Sunday, August 22, 2010

And it begins...

This spring, I faced a dilemma. Should I stay another year in New Orleans? I would be able to volunteer at a different service site, meet new people, and partake in all the festivities this city has to could do worse.

To recap, year one was amazing. I led groups of volunteers to rebuild and paint houses that were damaged and flooded five years ago. I loved my co-volunteers. I think we achieved a balance that few college graduates find in their first year out. We were working for a city in need, but New Orleans is also the happiest place I've ever known.

New Orleans was option one. Option two was Palestine. I've been planning on working there since I studied abroad in Jordan and learned about the occupation. I met Jordanians my age who have roots in Palestine but aren't allowed into Israel. I met a teacher at my school who, before working with American students last year, had never seen a Jewish person without a gun. From there I set about learning from Jewish intellectuals who support the existence of the State of Israel but oppose the occupation of Palestine, e.g. Norman Finkelstein, Uri Avnery, Gideon Levy, Noam Chomsky, the late Howard Zinn, Rabbis Brian Walt and Brant Rosen...I've watched, read, and learned a lot in the last two years, but I figured it was time to put more walk in my talk.

A community center and school in Nablus called Tomorrow's Youth Organization sparked my interest in working in the West Bank. The more I learned about the impact it had on refugee children in the West Bank, the more I wanted to be a part of that cause. The more people asked me if I was going to teach kids how to make bombs and kill Jews, the stronger I felt about going and proving them wrong. One of my friends told me to take my time, that Palestine wasn't going anywhere. Oh God!

(diddlydoo, diddlydoo)

So...I could have been in Palestine right now. Instead I'm in a new house in Uptown New Orleans, thinking about my lesson plans for next week. I'm working at a charter middle school, doing literacy coaching and helping to start a choir. Turns out, despite my parents working in education for decades, I never really thought about what makes a successful school. What I've learned in a week has already shaped my future, and I'm beyond excited to implement this pedagogical know-how on the other side of the globe.

So I didn't just choose New Orleans. I learned a few things in the last year that made it possible for me to choose both. 1) New Orleanians generally don't know a lot about Palestine 2) New Orleans and Palestine have a lot in common. This blog will be my way of bridging the gap. I plan to go about this in the following ways:

I'm taking a trip to Palestine/Israel over my winter break, so this is a pre-travel/travel blog. The theme of my trip is education, and I'll be touring schools and universities in Jerusalem, Ramallah, Nablus, Bethlehem, Beit Sahour, Jenin, Al-Aqaba, and a few other cities. Living in a city that is considered a Mecca of educational reform has me wondering what education looks like in Palestine. I was amazed to learn that there is an IB school in Ramallah...!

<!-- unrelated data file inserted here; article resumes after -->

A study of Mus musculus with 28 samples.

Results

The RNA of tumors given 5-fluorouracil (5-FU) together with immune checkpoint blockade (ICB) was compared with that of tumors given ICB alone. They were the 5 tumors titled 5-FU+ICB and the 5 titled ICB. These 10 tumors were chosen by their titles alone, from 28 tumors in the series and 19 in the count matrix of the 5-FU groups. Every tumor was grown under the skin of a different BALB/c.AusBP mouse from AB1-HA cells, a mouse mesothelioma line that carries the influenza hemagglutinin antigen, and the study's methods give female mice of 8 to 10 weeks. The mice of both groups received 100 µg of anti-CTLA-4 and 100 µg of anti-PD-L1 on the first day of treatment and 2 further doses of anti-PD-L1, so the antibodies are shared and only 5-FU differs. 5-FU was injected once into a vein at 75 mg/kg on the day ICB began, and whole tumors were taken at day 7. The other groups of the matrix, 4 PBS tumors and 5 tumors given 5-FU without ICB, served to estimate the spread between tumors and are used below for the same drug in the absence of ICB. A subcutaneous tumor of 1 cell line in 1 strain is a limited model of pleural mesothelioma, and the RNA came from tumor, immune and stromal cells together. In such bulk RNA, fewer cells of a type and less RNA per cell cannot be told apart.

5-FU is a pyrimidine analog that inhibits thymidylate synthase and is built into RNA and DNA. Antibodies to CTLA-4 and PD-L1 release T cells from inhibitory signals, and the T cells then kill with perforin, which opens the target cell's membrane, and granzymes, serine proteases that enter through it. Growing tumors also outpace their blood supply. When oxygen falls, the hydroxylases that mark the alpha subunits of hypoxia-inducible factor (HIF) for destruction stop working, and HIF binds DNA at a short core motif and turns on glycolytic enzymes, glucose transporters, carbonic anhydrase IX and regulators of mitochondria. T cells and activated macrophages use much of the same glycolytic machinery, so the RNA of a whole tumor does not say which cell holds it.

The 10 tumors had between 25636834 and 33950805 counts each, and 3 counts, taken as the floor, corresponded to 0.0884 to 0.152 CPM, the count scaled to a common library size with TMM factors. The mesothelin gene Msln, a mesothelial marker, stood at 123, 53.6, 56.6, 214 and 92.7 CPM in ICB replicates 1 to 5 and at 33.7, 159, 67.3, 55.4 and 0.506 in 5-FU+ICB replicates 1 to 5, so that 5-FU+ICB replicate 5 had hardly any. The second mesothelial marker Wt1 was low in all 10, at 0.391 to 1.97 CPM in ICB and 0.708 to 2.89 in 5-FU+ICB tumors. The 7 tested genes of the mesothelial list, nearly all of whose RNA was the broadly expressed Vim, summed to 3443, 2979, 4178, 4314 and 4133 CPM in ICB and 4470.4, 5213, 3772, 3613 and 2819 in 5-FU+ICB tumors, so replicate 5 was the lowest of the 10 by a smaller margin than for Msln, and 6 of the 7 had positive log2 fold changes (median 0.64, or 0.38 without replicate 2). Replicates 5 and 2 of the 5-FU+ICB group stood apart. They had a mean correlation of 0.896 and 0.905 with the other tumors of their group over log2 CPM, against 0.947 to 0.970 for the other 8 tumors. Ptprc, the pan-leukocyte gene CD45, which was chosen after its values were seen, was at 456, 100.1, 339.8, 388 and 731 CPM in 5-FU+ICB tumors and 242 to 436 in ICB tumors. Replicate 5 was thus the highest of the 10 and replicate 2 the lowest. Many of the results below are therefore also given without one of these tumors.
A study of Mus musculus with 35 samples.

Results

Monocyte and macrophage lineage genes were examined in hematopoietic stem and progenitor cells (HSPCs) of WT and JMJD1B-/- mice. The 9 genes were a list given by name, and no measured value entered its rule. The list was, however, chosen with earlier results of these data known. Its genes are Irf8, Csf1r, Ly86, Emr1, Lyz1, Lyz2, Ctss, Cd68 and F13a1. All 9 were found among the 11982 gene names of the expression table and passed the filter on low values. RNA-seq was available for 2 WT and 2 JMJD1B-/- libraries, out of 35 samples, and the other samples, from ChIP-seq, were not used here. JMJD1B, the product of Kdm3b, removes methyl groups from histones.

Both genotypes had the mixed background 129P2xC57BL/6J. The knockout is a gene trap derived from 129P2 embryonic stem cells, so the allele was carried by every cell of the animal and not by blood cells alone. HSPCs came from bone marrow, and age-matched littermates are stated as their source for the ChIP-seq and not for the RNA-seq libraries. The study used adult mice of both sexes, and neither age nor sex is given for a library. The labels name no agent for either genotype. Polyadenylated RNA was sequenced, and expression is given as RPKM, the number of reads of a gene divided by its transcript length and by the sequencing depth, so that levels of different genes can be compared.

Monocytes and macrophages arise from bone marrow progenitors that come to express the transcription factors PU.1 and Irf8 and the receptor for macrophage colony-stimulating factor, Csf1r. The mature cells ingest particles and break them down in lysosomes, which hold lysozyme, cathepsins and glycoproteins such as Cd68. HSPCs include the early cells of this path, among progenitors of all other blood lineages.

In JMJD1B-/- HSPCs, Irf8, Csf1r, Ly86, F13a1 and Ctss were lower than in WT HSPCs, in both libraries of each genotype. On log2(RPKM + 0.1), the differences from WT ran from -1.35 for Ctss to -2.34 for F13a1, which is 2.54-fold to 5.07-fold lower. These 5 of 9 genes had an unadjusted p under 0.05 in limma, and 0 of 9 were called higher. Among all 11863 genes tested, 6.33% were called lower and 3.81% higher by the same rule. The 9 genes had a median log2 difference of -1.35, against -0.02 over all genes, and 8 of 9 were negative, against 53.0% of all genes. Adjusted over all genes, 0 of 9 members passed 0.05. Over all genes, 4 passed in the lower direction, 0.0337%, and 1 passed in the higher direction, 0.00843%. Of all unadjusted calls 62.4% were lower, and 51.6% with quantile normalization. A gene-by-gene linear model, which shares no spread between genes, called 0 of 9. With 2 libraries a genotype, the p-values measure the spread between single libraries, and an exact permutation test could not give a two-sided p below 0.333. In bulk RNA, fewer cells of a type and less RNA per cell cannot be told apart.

I get a lot of e-mail updates from Interfaith Peace-Builders, CODE PINK, New Orleans Palestinian Solidarity, JStreet, skip schiel, Rabbis Brian and Brant....and stopping short of forwarding those e-mails to everyone, I wanted to make the information available to anyone who is curious about the conflict/wants to hear from sources that aren't in the mainstream. I'll also be posting news articles, book and film recommendations, etc...

I'll be documenting the bridging process. There will be advertising, an interfaith dialogue group, a peace walk is actually scheduled for October 9th, and on a smaller scale I'll be talking to a lot of people. My Salaam/Shalom/Peace shirt has already been a great conversation starter, so I think I'll try Free Palestine and see how that goes...

Comments are welcome, but they should keep in mind the following:
My love for Palestine does not imply a hatred of Israel. I love my country, and I criticize my government because I want my country to be better. If I criticize the Israeli government, it's because I know it can try harder for a peace that will benefit Israelis, Palestinians, and the international community. And if my tax dollars are contributing to a foreign country's military budget, I have the right to criticize how that money is spent. If you don't believe I have that right, then I don't know what beacon of democracy you are defending. I understand the sacrifice of being in a constant state of emergency, but our Bush years are over and I think we're done being afraid.

Ahlan wa sahlan, welcome to FilisteeNola.